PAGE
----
Looking at the Hand as a Whole


Post  Scat Damon on Wed Jan 25, 2012 2:45 pm

By: Daniel Skolovy

A mistake too many small-stakes players make is looking at each decision in a hand as a separate entity.

In reality, each and every play you make affects the entire course of the hand.

The problem with taking each decision as it comes is that you don't take into account the potential cause and effect of each play - you just act, and then are surprised when you're left with a tough decision.

Good players understand that each decision affects the final outcome of the hand.

They know that what they do before the flop and on the flop is going to dictate what happens on the turn and river. And they plan ahead for probable outcomes.

Taking each decision as it comes

An example:

$1/$2 six-max game, effective stacks $200. A fishy player under the gun raises to $6 and you call on the button with T♣ T♠. Everyone else folds and you take a flop heads-up of T♥ 4♠ 3♥.

Your opponent bets $8 and you raise to $16. He calls. The turn is the 4♥. He checks, and you check behind to slow play.

The river comes 2♣. He checks. You bet $35. He calls and shows A♥ J♥. Your full house beats his flush and you win a $117 pot.

Because you took each decision as it came, you lost out on a lot of money. If, instead, you had a plan for the hand, you would have played the entire hand differently.

When you flop big, your goal is to win your opponent's stack. So plan for that and make it a possibility.

If you had a plan

$1/$2 six-max game, effective stacks $200. A fishy player under the gun raises to $6 and you call on the button with T♣ T♠.

Everyone else folds and you take a flop heads-up of T♥ 4♠ 3♥. Your opponent bets $8 and you raise to $34. He calls.

The turn is the 4♥. He checks and you bet $65. He calls

The river comes 2♣. He checks and you bet your remaining $95. He calls and shows A♥ J♥.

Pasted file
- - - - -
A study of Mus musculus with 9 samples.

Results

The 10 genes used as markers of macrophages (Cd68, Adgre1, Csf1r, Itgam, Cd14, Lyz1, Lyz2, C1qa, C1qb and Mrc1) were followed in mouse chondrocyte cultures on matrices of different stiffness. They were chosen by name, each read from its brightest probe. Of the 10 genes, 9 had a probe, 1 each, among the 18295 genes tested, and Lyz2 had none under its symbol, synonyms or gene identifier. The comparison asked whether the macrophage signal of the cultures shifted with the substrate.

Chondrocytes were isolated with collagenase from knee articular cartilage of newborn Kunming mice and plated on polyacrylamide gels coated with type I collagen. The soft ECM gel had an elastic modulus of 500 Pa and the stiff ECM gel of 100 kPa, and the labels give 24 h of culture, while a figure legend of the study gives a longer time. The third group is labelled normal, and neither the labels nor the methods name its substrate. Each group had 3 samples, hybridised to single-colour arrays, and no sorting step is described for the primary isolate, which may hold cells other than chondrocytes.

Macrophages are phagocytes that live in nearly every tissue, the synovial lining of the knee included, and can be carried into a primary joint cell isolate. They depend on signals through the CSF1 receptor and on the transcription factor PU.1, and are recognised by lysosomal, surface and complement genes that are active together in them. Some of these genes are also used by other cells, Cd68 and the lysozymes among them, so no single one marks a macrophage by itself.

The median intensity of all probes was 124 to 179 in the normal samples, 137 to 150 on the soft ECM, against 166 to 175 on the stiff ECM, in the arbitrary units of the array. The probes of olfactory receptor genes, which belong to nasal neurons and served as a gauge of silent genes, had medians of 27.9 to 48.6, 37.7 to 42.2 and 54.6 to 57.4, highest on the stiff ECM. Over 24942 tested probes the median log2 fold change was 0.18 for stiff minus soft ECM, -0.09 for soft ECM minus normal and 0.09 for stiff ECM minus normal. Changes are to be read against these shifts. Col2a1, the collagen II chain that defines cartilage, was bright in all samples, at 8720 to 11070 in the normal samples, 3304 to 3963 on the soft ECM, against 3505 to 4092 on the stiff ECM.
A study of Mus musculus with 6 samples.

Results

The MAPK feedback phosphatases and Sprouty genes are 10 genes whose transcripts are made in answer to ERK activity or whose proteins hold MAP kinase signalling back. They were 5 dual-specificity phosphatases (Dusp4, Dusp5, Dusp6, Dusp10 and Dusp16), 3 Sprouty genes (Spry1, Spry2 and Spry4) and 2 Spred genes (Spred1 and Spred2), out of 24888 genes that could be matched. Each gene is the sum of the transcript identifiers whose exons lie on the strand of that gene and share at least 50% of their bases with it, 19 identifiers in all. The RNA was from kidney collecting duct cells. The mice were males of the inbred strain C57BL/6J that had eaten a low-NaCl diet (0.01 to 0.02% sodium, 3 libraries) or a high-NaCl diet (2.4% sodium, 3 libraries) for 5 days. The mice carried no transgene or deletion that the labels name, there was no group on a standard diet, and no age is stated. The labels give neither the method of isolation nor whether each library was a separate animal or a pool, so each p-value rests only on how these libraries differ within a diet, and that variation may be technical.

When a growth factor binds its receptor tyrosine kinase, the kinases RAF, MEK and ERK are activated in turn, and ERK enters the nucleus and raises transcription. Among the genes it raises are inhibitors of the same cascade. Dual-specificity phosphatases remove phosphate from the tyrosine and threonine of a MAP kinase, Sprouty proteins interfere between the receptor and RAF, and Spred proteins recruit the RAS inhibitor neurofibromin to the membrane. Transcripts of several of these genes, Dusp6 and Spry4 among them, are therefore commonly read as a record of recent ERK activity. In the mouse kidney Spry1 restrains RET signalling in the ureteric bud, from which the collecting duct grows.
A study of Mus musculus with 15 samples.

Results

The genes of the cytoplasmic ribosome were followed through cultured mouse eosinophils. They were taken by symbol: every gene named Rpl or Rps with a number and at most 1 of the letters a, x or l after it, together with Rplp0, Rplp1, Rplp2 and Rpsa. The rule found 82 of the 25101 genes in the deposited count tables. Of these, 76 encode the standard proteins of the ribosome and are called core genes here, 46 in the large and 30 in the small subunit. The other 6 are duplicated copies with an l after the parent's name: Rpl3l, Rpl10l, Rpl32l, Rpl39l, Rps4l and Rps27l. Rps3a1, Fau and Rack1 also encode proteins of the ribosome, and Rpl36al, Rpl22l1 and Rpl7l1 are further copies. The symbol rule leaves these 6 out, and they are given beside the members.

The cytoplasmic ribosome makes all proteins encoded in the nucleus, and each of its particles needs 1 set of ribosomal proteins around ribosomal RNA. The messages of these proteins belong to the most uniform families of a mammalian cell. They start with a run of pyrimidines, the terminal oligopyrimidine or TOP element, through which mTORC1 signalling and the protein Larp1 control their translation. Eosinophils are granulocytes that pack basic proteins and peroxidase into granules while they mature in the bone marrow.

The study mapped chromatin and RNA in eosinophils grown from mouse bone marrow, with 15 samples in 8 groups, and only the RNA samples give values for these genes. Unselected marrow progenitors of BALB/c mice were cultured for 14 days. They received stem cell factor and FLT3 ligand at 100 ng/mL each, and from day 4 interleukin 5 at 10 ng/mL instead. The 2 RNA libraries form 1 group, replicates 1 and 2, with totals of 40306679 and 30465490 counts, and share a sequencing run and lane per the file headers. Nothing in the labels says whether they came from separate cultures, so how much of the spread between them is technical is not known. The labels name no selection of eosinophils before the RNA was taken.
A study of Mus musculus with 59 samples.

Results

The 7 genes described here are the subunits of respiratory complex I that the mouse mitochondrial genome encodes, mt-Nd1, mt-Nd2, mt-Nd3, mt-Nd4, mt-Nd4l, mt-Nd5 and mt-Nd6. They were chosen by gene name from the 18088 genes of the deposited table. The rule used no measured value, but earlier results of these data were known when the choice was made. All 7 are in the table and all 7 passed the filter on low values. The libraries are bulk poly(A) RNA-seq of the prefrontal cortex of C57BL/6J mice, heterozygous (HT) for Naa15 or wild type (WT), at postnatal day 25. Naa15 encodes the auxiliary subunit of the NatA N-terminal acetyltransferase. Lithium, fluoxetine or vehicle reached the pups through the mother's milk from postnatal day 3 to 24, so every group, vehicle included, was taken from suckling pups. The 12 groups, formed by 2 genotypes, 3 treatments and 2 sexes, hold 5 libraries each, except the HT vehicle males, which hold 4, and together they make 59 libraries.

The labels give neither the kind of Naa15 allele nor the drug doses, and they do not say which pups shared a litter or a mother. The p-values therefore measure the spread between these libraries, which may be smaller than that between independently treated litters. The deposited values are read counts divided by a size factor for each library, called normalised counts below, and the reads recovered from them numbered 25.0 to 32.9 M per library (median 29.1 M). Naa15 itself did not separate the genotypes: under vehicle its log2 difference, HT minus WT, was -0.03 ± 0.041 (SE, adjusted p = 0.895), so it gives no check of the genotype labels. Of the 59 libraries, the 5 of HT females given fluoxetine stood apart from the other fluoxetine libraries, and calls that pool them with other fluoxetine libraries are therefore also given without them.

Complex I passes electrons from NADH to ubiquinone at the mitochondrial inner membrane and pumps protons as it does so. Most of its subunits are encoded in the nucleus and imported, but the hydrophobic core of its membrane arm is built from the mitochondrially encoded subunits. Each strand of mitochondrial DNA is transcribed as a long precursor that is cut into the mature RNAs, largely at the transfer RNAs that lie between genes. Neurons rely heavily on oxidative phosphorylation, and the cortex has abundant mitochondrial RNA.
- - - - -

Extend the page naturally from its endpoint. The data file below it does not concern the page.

You still win, but this time because you thought about the entire hand and had a plan to build the pot, you win his entire stack instead of just a small portion.

A few changes in strategy and you win almost four times as much.

One more set of examples:

Taking each decision as it comes

$1/$2 six-max game, effective stacks $500. It's folded to an aggressive regular on the button who raises to $7. You feel you're better than his raising range so you three-bet to $30 with the J♥ J♣. He calls.

The flop comes T♥ 5♠ 6♣. You c-bet $40 and he calls. The turn comes 4♣.You bet $90 and he calls.

The river comes 2♥. You bet $140 and he shoves for $310.

You're now in a miserable spot and talk yourself into calling. He tables 7♥ 8♥ and wins the $1,000 pot with a straight.

You didn't think about the hand as whole. You just took each decision as it came and you ended up getting into a tough spot and losing a ton of money.

If you had a plan

$1/$2 six-max game, effective stacks $500. It's folded to an aggressive regular on the button who raises to $7.
The dollars
Plan your hand and profit.

You realize that one pair plays poorly deep and you will either win a small pot or lose a big one. So you elect to just call and play pot control with the J♥ J♣.

The flop comes T♥ 5♠ 6♣. You check. He fires $10 and for the same reasons you called pre-flop you just call again on the flop.

The turn comes 4♣. You check and he bets $22. You once again just call. The river comes 2♥. You check. He bets $55.

You know he's capable of value-betting worse, and three-barreling air to try and get you to fold a hand like 8-8, so you call.

He tables 7♥ 8♥ and still wins with his straight. But this time you lose just $95 rather than $500 (or even $300 if you fold the river in the other example).

You looked at the entire hand as a whole and had a plan.

You didn't needlessly build a giant pot because you know one pair doesn't play well deep - and that your opponent could put you in an extremely difficult spot in a big pot.

You ended up losing, but you lost the absolute minimum because you weren't just mindlessly making a decision every time the action was on you.

Re-cap

Each time the action is on you, look at the hand as a whole and realize the possible ramifications of each potential decision.

Each decision changes the course of rest of the hand, and if you don't realize the ramifications of each possibility, you're going to be left in difficult spots on the later streets.

Know your goal for the hand and plan your play around that goal. It's a little more work, but the potential effects on your win rate will be very real.